Somic Xtreme is a sad tail of many things going wrong and many people believing in different goals. There are so many different parts in the story, making a big drama. I feel sad for reading it, though it was obvious that the initial idea of two seperated game modes, combined to one game, was a wrong step in the beginning.
As sad as the whole tale is, it's even more sad that I've never a game using this kind of fish-eye lense. Personally, I'd love to play a game in this kind of perspective. It's completely refreshing and offers the possibilities to show and hide map contents immediately based on the level design. I'm amazed by this spherical mode. I can only guess how it works in detail by looking at leaked game or editor screenshots. Seems to be some kind of threedimensional grid converted to 3D using the fisheye calculation and then rendered normally. And looking at this video I watched several times, I'd say at position 2:15 you can get a good shot at how the camera renders the tiles. It's not a pretty shot, but shows off how effective it can handle even tiles with relatively big distances from the camera. I'd give my left arm for talking or with this developer. And this video makes me quite about the seperation between conventional, hardware-accelerated 3D and software-based fisheye coordinate transformation. You can pretty often see how the distance clipping is done on a per-tile distance level independent from the fish-eye effect. So he must have checked visibility only by looking at it's tiles. And in the first video (at 2:15 again) you can also see edges on the tiled walls, indicating that they are rendered as normal polygons, not completely round fisheye-translated objects. I haven't yet seen a full rotation of the sphere with repeating map data, so I'm 100% sure it worked this way. Even repeating maps are possible when including such stuff in the renderer. This'd be only a minor tweak in the system as far as I can guess.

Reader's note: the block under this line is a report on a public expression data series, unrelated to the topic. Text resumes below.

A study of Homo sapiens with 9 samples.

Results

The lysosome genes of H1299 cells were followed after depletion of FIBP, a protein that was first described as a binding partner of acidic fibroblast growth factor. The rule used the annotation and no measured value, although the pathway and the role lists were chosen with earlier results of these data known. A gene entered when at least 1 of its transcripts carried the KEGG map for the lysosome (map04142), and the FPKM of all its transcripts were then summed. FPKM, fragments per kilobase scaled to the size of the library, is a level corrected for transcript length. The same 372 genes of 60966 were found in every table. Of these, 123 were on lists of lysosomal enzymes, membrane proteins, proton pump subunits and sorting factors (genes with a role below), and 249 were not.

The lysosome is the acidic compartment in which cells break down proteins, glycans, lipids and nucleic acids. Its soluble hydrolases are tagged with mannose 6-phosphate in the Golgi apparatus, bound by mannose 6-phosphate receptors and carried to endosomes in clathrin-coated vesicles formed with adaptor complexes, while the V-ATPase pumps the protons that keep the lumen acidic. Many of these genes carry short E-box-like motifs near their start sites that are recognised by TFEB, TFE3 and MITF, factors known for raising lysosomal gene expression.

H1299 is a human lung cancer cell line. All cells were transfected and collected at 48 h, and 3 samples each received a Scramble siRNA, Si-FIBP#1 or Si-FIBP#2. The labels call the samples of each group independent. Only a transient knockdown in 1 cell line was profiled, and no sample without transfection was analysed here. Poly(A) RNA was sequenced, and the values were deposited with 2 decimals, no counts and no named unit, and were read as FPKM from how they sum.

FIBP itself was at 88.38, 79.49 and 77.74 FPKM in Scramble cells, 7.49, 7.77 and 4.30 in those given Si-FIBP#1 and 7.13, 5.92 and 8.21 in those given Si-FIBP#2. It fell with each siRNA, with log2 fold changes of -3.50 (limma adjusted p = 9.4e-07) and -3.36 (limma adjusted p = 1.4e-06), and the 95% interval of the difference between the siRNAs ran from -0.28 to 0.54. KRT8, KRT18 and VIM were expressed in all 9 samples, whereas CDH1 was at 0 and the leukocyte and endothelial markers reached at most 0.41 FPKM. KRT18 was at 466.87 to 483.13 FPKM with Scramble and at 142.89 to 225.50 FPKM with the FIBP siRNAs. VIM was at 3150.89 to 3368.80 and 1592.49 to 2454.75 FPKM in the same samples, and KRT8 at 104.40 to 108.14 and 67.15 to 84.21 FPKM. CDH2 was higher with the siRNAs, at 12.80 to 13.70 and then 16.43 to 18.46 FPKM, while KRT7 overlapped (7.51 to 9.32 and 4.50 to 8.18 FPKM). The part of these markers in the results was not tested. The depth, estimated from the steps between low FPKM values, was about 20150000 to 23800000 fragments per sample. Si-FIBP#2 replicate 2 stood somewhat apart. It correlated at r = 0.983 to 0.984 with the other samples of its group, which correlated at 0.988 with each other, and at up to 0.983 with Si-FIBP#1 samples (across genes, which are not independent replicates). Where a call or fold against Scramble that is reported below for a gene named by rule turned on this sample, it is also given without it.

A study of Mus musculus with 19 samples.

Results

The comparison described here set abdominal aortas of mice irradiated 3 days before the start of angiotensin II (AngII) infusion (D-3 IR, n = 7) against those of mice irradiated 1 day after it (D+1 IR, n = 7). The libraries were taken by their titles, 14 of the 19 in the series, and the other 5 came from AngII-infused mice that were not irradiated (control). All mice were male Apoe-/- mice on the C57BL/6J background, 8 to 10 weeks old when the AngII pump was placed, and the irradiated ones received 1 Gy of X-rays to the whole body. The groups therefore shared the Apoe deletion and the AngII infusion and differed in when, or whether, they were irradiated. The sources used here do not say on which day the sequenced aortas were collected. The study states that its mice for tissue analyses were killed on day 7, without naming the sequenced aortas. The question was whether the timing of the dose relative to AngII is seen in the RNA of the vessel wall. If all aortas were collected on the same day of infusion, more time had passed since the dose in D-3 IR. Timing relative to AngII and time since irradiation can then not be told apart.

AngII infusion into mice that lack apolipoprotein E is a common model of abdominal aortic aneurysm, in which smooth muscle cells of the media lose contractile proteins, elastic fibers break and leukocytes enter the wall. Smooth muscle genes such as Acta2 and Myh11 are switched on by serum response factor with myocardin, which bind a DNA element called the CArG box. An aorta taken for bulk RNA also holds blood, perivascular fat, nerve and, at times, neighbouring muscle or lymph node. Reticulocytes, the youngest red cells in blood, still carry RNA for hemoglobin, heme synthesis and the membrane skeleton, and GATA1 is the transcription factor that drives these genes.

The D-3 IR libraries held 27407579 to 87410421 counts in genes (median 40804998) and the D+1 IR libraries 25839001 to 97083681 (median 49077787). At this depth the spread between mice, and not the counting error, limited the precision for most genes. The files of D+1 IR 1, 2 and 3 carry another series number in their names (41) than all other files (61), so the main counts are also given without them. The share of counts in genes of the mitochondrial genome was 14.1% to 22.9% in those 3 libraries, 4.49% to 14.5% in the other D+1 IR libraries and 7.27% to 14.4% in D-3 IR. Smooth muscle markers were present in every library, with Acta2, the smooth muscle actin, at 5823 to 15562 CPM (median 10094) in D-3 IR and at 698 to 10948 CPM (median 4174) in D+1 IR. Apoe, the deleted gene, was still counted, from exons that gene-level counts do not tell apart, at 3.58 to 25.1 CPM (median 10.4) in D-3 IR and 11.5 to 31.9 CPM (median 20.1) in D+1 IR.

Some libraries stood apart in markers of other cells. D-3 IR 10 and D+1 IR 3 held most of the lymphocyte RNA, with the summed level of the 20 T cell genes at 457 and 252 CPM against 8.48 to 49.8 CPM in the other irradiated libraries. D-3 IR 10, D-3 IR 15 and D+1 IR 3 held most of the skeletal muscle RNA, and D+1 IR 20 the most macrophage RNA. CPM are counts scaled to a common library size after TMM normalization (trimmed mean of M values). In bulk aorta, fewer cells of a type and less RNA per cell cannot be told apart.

Quite clever. You don't need to make any complicated 3D-space distance calculation, just basic onedimensional plus/minus formulas. And knowing how much the hardward can handle/how many tiles could be one the screen, this makes a formidable technical archievement.
And yes, of course could you say it must be a conversation to normal 3D. How else could a simple polygon-based graphics card handle all this stuff without more advanced models like shaders. A shame the two responsible developers could never make a real game out of it. You should totally read the Wikipedia article linked in the first sentence. It gives some very intense view into how bad development diversion can go.
Edit Nr. 1: There's a FAQ by one of the developers. It could give me some insight and what they all talk about the editor, but not the engine. Well, I'll take a look and make another post if there's something worthwhile I can get out of it.
Edit Nr.2: The FAQ doesn't tell me anything about the engine background but about the other, non-programming details. But it seems that the editor was kinda the complete game editor. Including sound effects, enemy movement, level data of course, and so on. So yeah, he did all the hard work. And again, it's a shame I can't learn more about it. I don't want any of the resulting works, just more information. The features mentioned are more than just feature. It's some kind of totally new game concept you can develop with it - no doubt that it would've taken a while or two more to produce something final with it.
Why do corporations and alike often bounce so awesome concepts? In this case, Sega had some serious business problems, of course. Excluding this fact rather leads to confusion and not even excuse. I'm kinda glad that Nintendo often tries to incorporate new ideas and concepts (though I strongly dislike some of them, but that doesn't count here). Another reason to support them and buy their video games, atleast from my point of view.